Collective Intelligence and (Programming) Language Learning

So, the other night at DorkbotPDX, there was a discussion about techniques for making images searchable. The idea was to come up with something beyond what Google Images gives you and have something more in depth – among other things, the idea of categorizing things like Pandora does, using collective organization based on a large body of contributors, was discussed. There were a lot of interesting ideas thrown around, but most of them seemed to rely on this approach of using large social structures to generate the relevant metadata.

In a bit of the sort of serendipity that the internet seems to bring with near frightening regularity, the next day I read this post on O’Reilly Radar about the new O’Reilly book Programming Collective Intelligence. This book appears to discuss exactly the kind of development tasks that are necessary to make possible the systems we were discussing.

Intrigued by this, I downloaded the sample chapter and started reading. It’s a very engaging book and I’m looking forward to getting my own copy. However, the example code is all in Python. I’m not a Python programmer, though I do have a good bit of familiarity with the language and, in the past, have written a handful of utilities using it. But even still, I don’t think this would be an issue: I’m well familiar and to a degree quite versed in a handful of languages that are very similar to Python. Which makes it easy enough to understand what the examples are trying to do.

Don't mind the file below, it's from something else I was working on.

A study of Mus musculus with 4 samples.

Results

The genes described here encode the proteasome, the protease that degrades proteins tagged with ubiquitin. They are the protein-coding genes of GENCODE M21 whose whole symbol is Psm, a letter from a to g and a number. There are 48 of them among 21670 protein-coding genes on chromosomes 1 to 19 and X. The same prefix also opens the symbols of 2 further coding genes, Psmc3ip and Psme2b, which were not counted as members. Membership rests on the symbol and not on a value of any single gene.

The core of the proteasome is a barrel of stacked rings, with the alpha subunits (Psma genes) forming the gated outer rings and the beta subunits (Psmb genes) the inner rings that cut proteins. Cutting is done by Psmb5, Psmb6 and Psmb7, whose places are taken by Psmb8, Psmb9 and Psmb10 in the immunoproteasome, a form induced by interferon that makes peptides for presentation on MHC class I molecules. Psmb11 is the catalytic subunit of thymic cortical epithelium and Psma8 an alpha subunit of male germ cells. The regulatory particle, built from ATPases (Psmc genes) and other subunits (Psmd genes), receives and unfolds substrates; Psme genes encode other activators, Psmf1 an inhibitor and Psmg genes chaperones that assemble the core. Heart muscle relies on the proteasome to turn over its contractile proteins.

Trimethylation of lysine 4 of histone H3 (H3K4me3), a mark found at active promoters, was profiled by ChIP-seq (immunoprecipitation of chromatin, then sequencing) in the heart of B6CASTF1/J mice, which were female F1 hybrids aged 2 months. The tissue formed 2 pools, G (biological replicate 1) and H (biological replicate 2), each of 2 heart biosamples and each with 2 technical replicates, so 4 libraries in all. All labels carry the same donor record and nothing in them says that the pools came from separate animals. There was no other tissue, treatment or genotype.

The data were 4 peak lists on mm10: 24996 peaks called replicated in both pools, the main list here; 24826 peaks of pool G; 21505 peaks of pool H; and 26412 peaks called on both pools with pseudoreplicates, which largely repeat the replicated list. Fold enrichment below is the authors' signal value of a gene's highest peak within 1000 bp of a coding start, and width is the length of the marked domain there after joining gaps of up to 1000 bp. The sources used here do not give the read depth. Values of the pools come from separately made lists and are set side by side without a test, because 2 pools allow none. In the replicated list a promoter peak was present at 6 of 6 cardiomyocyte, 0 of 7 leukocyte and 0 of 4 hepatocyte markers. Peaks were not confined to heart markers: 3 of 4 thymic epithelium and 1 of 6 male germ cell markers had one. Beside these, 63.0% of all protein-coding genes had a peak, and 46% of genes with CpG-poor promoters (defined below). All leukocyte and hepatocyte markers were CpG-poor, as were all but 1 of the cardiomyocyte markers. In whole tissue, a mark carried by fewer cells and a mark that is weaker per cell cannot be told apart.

This brought up a stream of thoughts, though, that have been rattling around in my head for some time now. The fact is that when it comes to languages like Python, Ruby, Java, C, etc. there is enough similarity that I can make my way through a given example (for those with which I am less familiar) without any great difficulty. The problem is that outside of these common paradigms (for lack of better descriptors, imperative and object-oriented) of programming languages, I am not so comfortable.

Unfortunately, there is a growing undercurrent of languages that work outside of that world. Haskell Erlang, OCaml, Scala, Prolog… the list goes on. All very interesting and worth understanding, but I feel largely out of my depth when looking at examples in these environments. It’s just not right.

For a long time it’s been clear to me that in order to continue to push my abilities as a developer and technologist in general, I need to continue to expand the scope of my understanding and knowledge. Functional, logical and other language styles are clearly a necessary addition to my repertoire.